Many of us are content with the comforts of an eight-to-five job. It’s hard to imagine quitting it all for a passion or cause. Yet, there’s a subliminal believe that life is more than just trading your hours for dollars. Because of this, I find it so inspiring to learn about individuals who weren’t afraid to put their product or cause out there for the world to see.
Here’s a list of 6 stories which will hopefully motivate you to put yourself out there and be someone:
- Teach for America. Wendy Kopp proposed the idea for Teach For America in her Princeton University undergraduate thesis in 1989. Her program requires a two year commitment (usually from a recent college graduate) to teach in underprivileged areas of the United States. The teacher gets paid a modest salary, but more importantly is trained how to teach effectively and become a leader in the community. After the program is through, the teach is given access to the program’s vast leadership database – providing a great network to pursue careers in other industries. In 1990, a charter corps of 500 committed recent college graduates joined Teach For America and began fueling the movement to eliminate educational inequity. The program is designed to train mainly recent college graduates to be lifetime leaders in their industry and the community. After completing the two year commitment, Teach for America helps alumni build leadership skills, develop networks, and connects them to opportunities where they can make an impact throughout their careers.
Why you should be inspired: Since starting in 1990, nearly 33,000 participants have reached more than 3 million children nationwide during their two-year teaching commitments. They have sustained their commitment as alumni, working within education and across all sectors to help ensure that children growing up in low-income communities get an excellent education.
- Susan G. Komen for the Cure. Nancy Goodman Brinker watched her sister Susan Komen die from breast cancer at the age of 36. Convinced that her sister could have survived if there was more awareness for the disease, she founded Susan G. Komen for the Cure. Whether or not you agree with their recent stances on abortion and planned parenthood funding, it’s hard to deny the unbelievable amount resources and attention they continue to provide for research and support.
Why you should be inspired: Starting as a promise to a sister, the foundation has donated over $2 billion, working to end breast cancer in the U.S. and throughout the world through ground-breaking research, community health outreach, advocacy and programs in more than 50 countries.
- Toms Shoes. In 2006, American traveler Blake Mycoskie befriended children in Argentina and found they had no shoes to protect their feet. Wanting to help, he created TOMS Shoes, a company that would match every pair of shoes purchased with a pair of new shoes given to a child in need. One for One. Blake returned to Argentina with a group of family, friends and staff later that year with 10,000 pairs of shoes made possible by TOMS customers. Interestingly enough, the “Buy One – Give One” business model turned out to be extremely profitable and motivated others to do the same thing (funny how that works…). Warby Parker Glasses , Bobs by Sketchers and OneMillionLights are just a few of the successful start-ups utilizing buy one give one – It’s nice when capitalism and philanthropy align.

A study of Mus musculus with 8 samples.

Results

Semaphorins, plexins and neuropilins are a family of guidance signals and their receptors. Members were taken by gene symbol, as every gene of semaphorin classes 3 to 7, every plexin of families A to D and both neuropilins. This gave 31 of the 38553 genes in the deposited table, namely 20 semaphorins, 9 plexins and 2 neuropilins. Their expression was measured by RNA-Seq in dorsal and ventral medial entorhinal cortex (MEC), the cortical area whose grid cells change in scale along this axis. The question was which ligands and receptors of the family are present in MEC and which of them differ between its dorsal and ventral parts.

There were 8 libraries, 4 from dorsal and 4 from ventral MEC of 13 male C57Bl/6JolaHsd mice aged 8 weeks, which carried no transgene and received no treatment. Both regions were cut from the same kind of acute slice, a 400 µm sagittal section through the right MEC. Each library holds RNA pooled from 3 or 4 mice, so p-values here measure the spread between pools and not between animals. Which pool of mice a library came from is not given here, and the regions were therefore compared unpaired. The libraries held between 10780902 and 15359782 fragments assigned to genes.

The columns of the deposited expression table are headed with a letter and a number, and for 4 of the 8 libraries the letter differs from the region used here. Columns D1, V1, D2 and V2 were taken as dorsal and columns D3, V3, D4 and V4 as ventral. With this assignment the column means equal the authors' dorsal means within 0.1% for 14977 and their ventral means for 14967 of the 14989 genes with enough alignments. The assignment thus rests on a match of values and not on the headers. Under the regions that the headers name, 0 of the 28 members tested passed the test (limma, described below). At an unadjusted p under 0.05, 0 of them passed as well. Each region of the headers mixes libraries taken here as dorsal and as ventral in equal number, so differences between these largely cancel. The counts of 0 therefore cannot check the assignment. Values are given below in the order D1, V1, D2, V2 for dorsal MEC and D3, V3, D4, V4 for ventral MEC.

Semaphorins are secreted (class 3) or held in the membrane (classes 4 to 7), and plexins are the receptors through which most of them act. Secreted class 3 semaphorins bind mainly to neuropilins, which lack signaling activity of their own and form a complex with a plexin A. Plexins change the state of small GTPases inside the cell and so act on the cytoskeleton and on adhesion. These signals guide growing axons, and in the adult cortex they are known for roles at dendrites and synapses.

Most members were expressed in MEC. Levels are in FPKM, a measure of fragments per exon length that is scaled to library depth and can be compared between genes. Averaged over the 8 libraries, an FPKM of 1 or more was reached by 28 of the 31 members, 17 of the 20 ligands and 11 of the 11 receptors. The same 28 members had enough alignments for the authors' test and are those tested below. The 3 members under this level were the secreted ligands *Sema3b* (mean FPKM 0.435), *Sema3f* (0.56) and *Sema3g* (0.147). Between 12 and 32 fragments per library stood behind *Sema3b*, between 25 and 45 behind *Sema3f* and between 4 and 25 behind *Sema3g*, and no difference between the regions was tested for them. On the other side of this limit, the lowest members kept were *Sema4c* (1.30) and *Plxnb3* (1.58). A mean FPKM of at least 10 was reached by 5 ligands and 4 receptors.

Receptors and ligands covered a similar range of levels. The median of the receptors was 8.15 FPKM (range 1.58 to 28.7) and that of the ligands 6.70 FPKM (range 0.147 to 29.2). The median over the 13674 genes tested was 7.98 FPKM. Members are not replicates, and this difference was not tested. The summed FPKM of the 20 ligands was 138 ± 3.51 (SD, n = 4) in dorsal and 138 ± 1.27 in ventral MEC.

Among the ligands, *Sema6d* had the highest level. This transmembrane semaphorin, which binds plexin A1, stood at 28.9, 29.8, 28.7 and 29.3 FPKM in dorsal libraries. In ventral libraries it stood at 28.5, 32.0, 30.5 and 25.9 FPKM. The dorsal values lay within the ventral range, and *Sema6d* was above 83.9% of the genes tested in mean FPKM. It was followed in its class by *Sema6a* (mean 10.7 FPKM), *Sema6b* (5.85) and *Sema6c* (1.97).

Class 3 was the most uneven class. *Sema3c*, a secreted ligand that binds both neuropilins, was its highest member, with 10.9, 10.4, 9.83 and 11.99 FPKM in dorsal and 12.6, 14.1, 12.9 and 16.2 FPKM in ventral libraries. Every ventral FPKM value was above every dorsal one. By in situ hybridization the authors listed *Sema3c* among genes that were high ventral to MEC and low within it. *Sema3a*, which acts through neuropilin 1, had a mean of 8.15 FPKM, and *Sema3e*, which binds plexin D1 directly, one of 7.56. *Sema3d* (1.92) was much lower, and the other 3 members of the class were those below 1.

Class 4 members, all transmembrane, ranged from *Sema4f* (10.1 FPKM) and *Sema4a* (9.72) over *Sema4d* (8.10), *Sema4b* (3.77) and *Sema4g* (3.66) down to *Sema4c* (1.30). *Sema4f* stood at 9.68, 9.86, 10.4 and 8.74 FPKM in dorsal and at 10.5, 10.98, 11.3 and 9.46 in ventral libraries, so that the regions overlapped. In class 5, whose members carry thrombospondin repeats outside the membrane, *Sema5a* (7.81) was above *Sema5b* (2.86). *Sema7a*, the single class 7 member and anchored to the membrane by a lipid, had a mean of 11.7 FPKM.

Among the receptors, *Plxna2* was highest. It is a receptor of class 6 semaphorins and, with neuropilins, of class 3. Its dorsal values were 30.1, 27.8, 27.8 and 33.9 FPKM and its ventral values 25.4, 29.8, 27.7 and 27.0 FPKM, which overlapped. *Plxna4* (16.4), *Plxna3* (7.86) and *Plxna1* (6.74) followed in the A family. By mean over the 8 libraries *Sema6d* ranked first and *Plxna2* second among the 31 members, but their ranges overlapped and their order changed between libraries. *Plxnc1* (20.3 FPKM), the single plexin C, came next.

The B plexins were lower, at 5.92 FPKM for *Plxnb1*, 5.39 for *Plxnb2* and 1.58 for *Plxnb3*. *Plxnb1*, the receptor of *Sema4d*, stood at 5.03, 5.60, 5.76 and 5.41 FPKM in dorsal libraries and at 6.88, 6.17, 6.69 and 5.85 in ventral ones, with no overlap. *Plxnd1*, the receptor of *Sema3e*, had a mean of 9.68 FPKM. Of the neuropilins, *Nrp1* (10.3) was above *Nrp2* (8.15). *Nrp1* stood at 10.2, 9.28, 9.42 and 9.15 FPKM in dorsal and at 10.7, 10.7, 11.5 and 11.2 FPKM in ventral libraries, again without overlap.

Why you should be inspired: It’s fascinating to hear about individuals who are so affected by others in need that they start companies focused on being profitable, not to further the founder, but to further (and hopefully eliminate) their cause. Since starting in 2006, Tom’s has given away over 2 Million pairs of shoes. What are you so passionate about that you’d dedicate your life to raising money for it?
- Feed Bag. FEED began in 2006 when acclaimed model and activist Lauren Bush designed a bag to benefit the United Nations World Food Programme’s (WFP) School Feeding program. As a WFP Honorary Student Spokesperson, Lauren visited countries around the world in Asia, Latin America, and Africa where WFP is operating and was inspired by the plight of the people she met on her travels. She took a special interest in WFP’s School Feeding program, which feeds and educates hungry children. She first created the FEED 1 bag, a reversible burlap and organic cotton bag reminiscent of the bags of food distributed by WFP, to help raise funds and awareness around these school feeding operations. It was stamped with “FEED the children of the world” and the number ‘1’ to signify that each bag feeds one child in school for one year. And in 2007, FEED Projects LLC was founded by Lauren Bush and Ellen Gustafson to produce and sell these bags.
- Newman’s Own. Actor Paul Newman and author A.E. Hotchener started a non-profit company in 1982 with the intention of making about $1200 a year (and a loss) off the sale of their homemade salad dressing. The intent was to run the company with humor, as a side business, and help the community by donating any profits it receives. To their amazement, the company took off – eventually branching out into wine, fruit juice, popcorn and other products. As of June 20, 2012, Newman’s Own has donated over $330 Million (all of their after-tax profits) to various charities!
- Pfizer. While you may not be able to start a multi-billion, multi-national powerhouse company this year, you can respect a company who gives back. Pfizer, the world’s largest pharmaceutical company, currently manufactures products including Lipitor, Viagra and Celebrex. While a company this large is engaged in various charities and philanthropic organizations, most impressively they ranked #1 in the Most Charitable Companies of 2011 – giving away $3.06 Billion in cash and products!